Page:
Sunday, March 30, 2008

The Joy of Animals

Thank you, Pushkin and Lyuba (Pushkin’s the black one pictured to the right, Lyuba’s the multi-colored one in the photo above). These are the creatures sharing our home at the moment; the reigning deities in a long line of four-footed pleasure-givers.

There have been many cats before them, and many dogs. Not to mention a couple of horses, some rabbits, a pair of short-lived ducklings, hamsters, gerbils, an iguana, a pair of birds (two-footed, but I'm counting them anyway) and the orphaned baby woodchuck we bottle and hand-fed one summer until he was old enough to take care of himself and we set him free.

There have been cats who allowed themselves to be dressed in doll clothing, a cat who liked to swim, and a dog who saved my two-year old sister from being trampled by a herd of sheep. There was the cat who took off, leaving behind a litter of kittens, only to reappear months later looking sleek and happy. That same cat, together with a dog who had joined the household, went out for a walk one morning, stayed away for days, then returned within minutes of each other, offering no explanation of where they had gone or why.

There’s plenty of scientific data showing that the presence of animals in our lives is good for our mental and physical health. For example, when animals are brought to visit people in retirement homes, there’s evidence that petting them, even just watching them, results in a decrease in people’s blood pressure and marked improvement in alertness and mood, due at least in part to the release of endorphins. Ah, those lovely endorphins.

But even if the benefits can be explained as a chemical high, I like to think that what animals bring us as the gift of pure joy. Just that, the heart-lifting experience of joy. They offer it simply by being the creatures they are; frank about their needs, but asking nothing of us beyond food, shelter, and some affection.

We chose Lyuba and Pushkin a couple of years ago at a shelter, when she was a year old and he six-months. They had been discovered alone in a house, abandoned and starving. It took months before Lyuba would leave the hiding place she found, in the back of a closet, for anything but food and the litter box. I imagine she’d been old enough during the time of their mistreatment to have learned to associate humans with all things negative. Pushkin, on the other hand, seems to have been too young to have made that connection. I think he is also innately a blithe little soul. And, happily, Lyuba has gradually become a glutton for affection.

Now that Pushkin is an adult cat, and nearly twice Lyuba’s size, he’s a perfect example of biology as destiny. Pushkin rules, especially at feeding times when he will do whatever is necessary to stay between Lyuba and the human with the can of cat food. But I can’t hold this against him; I understand it’s in his genes. And in counterbalance to his “I am master of all I survey, especially food” attitude is his totally unselfconscious zaniness. As when he suddenly decides to hurtle from one end of the house to the other, sometimes giving out a savage little cry in mid-course. It’s inexplicable, and highly entertaining.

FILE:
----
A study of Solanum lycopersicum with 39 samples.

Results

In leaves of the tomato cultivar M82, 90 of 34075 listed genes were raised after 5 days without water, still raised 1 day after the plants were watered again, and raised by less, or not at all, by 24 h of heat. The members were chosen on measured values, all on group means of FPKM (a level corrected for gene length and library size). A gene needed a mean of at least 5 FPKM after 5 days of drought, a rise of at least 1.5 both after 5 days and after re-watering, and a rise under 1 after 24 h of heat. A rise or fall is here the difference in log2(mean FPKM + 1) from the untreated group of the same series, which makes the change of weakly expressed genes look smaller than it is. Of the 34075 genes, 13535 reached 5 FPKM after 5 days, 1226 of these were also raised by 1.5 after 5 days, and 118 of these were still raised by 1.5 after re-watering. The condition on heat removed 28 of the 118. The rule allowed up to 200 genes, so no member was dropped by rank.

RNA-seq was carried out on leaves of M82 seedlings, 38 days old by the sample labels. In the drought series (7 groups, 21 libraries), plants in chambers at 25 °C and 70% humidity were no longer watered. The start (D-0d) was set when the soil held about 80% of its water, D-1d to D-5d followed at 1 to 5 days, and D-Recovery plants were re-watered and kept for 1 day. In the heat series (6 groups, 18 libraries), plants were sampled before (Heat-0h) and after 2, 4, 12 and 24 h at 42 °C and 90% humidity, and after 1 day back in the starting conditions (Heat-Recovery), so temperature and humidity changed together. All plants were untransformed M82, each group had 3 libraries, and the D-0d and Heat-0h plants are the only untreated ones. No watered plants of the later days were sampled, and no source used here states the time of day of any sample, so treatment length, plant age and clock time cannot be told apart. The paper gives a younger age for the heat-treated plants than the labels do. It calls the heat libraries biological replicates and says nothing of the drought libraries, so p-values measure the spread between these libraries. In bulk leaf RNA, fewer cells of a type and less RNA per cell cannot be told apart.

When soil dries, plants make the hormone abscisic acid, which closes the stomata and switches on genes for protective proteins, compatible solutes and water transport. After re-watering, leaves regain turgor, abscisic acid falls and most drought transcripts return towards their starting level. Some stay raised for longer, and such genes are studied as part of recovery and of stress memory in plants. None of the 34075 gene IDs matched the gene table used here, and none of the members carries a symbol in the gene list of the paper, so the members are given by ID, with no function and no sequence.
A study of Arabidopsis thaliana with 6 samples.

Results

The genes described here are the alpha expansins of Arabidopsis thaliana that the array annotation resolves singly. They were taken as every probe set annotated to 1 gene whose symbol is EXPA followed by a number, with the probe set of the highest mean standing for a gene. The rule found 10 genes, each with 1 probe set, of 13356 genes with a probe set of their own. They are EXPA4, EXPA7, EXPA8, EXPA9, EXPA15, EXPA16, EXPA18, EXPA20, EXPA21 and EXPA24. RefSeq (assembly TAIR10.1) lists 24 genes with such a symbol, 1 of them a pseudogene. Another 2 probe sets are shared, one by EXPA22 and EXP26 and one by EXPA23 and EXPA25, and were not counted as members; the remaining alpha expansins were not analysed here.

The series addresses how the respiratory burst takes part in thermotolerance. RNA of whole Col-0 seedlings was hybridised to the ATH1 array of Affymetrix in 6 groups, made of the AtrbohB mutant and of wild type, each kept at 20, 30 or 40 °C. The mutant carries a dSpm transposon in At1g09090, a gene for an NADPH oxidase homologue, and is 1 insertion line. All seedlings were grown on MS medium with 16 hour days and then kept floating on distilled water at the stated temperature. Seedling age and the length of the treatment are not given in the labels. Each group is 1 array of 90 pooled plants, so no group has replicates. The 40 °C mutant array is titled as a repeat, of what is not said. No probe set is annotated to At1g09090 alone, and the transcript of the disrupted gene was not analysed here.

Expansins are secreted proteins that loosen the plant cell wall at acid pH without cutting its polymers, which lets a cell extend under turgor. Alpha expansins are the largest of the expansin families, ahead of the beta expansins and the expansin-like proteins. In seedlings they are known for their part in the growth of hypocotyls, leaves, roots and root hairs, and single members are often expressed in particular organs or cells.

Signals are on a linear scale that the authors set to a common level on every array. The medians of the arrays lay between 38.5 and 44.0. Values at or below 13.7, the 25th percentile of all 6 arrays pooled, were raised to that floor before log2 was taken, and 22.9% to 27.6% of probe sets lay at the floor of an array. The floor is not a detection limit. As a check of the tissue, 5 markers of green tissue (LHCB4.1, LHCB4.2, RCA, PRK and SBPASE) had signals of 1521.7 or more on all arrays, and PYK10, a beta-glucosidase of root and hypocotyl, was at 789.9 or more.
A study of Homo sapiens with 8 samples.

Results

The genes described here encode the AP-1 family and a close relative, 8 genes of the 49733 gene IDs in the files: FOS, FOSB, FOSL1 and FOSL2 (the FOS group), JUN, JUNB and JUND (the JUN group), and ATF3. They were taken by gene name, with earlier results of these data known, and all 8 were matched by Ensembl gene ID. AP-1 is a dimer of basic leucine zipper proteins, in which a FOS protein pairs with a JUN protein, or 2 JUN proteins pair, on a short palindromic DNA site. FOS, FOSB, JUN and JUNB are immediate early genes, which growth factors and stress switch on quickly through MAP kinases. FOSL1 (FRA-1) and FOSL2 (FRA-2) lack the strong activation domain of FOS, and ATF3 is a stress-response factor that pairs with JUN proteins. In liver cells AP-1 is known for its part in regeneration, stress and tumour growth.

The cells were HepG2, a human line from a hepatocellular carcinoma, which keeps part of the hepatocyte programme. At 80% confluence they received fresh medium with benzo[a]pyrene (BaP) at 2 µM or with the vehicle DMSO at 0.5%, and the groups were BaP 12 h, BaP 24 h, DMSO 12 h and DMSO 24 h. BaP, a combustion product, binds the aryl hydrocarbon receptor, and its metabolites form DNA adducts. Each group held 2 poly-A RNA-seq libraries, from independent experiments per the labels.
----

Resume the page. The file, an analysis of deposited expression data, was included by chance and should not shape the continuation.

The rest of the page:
It’s also great fun when I inadvertently startle him and he levitates straight up, a couple of feet up, makes a 180 degree turn in mid-air and comes down acting as if nothing had happened. It’s better than Laurel and Hardy. No matter what’s on my mind, this antic behavior dissolves me. I can't help laughing out loud; the joy of it just bursts out of me.

Since Pushkin seems not to take offense, doesn’t seem to feel laughed at, as any self-respecting dog would, I must admit I occasionally startle him on purpose. It’s easiest when I catch him in a moment when he’s deeply absorbed in something, say crouched in hunting pose, watching a bug cross the kitchen floor inches from his nose. All I need to do is shuffle my foot abruptly and that unexpected sound is enough to send him skyward.

It’s crossed my mind that I could borrow a video camera and film one of these leaps then play it back in slow motion and learn exactly how he manages the mid-air reversal of direction. The scientist in me wants to understand it, but I have the sense that putting a camera between myself and the acrobatics would rob me of some of the pleasure.

I think I witnessed this same kind of pleasure in my three-year old grandson recently as he watched some workmen adding a second story to the house next door. He saw one of the men climb from a scaffold into the house through an open window and burst out laughing in exactly the same way I laugh at Pushkin's leaps; overflowing with the delight of seeing something so inexplicable and so unexpected.

So I'm grateful to Lyuba and Pushkin, and all the creatures who have come before them, for helping to keep some of that child's sense of amazement alive in me, for lightening some of the darker moments, and for allowing me to love them.